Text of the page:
By Barbara Boxer
Climate change is here, and we must act now. This past summer, Californians experienced catastrophic wildfires that wiped out entire towns, took lives and brought pain and suffering to both the north and south of our state. If we do not respond to the climate change warnings before us, particularly drought, we will fail our children and our grandchildren who call California home. This is not just an environmental issue, it’s a social justice issue.
In his first State of the State address this week, Governor Newsom was right in calling for a fresh approach to meeting California’s “massive water challenges.” He’s correct in stating that “our water supply is becoming less reliable because of climate change. And our population is growing because of a strong economy.”
While we may be experiencing rain now, we’re still in a state of drought and environmental conditions are ever-changing. The Fourth Global Climate Assessment tells us that the water supply from snowpack is declining, groundwater depletion is exacerbating risks and surface water quality is declining due to increases in pollutants. The Colorado River is dangerously overtaxed by the western United States and Mexico, a condition only aggravated by climate conditions.
So, what does action look like? As Californians, I believe we must look west to the Pacific Ocean, where seawater desalination offers a proven, climate change-resilient solution. No longer do we need verification from Israel, the Middle East and Australia, where desalination facilities have literally helped save lives and fend off debilitating droughts due of climate change. Now, we can look much closer to home — in San Diego.
The Carlsbad Desalination Plant is the largest, most technologically advanced, energy-efficient and environmentally sound desalination plant in the Western Hemisphere. In its first 36 months of operation, the plant provided San Diego County with more than 40 billion gallons of fresh drinking water.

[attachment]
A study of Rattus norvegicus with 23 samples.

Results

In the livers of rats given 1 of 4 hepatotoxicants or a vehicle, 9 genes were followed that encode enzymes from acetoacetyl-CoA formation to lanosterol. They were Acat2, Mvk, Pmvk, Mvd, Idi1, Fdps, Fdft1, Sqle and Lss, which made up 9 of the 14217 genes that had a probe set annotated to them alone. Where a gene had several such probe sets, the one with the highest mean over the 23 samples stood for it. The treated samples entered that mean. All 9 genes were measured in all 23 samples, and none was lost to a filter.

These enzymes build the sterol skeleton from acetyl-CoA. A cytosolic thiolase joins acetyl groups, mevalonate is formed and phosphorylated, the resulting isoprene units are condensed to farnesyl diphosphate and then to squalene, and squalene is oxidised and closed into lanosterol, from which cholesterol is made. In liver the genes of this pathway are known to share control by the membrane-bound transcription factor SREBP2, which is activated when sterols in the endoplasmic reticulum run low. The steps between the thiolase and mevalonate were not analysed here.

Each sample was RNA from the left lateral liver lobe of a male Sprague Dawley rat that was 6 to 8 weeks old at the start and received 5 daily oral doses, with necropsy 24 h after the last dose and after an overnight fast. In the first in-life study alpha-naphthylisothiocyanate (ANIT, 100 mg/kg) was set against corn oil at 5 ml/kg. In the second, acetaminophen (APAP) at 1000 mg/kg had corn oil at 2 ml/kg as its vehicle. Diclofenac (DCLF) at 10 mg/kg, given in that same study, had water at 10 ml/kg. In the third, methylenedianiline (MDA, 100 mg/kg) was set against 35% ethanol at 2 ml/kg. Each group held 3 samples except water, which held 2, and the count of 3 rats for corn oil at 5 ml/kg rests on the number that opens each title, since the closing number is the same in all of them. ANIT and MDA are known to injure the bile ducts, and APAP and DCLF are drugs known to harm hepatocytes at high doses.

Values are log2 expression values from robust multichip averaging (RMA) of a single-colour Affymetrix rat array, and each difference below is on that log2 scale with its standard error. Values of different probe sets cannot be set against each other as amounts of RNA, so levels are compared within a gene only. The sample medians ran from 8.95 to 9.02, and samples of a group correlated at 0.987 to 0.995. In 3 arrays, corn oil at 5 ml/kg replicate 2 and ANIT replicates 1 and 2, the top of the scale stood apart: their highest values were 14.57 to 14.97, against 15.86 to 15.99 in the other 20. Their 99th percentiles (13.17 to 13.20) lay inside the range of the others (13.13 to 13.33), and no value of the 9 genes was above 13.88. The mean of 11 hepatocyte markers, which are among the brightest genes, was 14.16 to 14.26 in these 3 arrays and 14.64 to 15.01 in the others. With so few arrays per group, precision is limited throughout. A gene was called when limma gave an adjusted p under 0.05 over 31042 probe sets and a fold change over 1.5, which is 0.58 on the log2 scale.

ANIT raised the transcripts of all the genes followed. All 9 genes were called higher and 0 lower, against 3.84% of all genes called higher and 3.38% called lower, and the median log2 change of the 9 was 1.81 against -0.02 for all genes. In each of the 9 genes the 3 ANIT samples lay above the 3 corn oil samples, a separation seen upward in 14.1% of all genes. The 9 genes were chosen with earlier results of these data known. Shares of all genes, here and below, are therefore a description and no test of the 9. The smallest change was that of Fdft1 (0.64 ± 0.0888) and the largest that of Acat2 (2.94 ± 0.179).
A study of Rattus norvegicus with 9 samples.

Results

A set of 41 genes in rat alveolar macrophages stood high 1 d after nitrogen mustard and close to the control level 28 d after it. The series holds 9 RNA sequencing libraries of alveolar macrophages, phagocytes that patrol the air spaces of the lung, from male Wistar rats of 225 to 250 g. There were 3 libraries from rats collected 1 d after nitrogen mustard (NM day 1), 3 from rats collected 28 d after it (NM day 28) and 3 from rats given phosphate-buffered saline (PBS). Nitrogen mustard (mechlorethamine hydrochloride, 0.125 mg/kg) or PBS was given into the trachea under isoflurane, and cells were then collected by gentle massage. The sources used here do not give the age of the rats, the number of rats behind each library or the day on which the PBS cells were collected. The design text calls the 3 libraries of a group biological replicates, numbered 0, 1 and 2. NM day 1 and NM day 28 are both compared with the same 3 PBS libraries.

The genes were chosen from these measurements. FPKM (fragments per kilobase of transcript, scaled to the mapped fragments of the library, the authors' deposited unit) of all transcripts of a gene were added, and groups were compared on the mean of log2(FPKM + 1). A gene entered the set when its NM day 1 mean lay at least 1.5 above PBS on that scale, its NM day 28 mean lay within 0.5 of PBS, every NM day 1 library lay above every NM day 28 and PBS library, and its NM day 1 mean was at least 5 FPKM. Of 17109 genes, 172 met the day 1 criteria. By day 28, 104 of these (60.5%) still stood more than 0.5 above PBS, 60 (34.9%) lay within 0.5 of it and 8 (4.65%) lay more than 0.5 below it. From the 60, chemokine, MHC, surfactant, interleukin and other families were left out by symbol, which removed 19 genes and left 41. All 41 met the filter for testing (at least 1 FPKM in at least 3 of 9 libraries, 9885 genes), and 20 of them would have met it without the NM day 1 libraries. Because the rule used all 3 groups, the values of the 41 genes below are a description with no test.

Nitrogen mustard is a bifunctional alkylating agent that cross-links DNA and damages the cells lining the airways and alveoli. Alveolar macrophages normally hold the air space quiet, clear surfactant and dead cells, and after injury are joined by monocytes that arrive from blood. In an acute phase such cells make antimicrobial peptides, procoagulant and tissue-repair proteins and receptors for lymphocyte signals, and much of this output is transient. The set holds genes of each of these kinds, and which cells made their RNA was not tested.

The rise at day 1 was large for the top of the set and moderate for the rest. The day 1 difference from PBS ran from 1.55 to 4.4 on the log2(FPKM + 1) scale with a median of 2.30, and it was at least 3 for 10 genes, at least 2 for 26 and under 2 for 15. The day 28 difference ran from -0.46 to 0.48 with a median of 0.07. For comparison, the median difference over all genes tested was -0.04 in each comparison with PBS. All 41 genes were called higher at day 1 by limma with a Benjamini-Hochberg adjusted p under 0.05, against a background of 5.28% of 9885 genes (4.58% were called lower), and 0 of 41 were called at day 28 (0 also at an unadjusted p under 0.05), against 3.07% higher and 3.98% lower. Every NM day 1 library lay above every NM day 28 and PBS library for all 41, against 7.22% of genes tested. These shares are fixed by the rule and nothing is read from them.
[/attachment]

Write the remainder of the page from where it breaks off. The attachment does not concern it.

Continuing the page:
Seawater desalination is independent of climate and weather patterns and the Carlsbad facility has helped protect public health, safety and the economy during the worst recorded drought in California’s history. Three years ago, during the commissioning of the plant, California Senate President Pro Tem Toni Atkins called the Carlsbad facility a “model” for how desalination should be done in California. She was right and more large-scale facilities modeled are needed.
I join Atkins in advocating for the Huntington Beach Desalination Project, which will provide 50 million gallons of fresh drinking water per day, restoring our aquifers and ensuring residents’ needs are met under the conditions that will continue to be brought on by climate change.
Gov. Gavin Newsom, Controller Betty Yee and former Gov. Jerry Brown’s representative all voted last year to move the HB Project forward at the State Lands Commission. As a United States senator, I staked my reputation on fighting for the environment, and along with my colleague Sen. Dianne Feinstein strongly supported seawater desalination for our country and for our state.
Now post-Senate, as a private citizen of California, I am doing everything I can to encourage state government to provide Californians with a climate-resilient water supply. The time is now.
Barbara Boxer previously represented California in the U.S. Senate.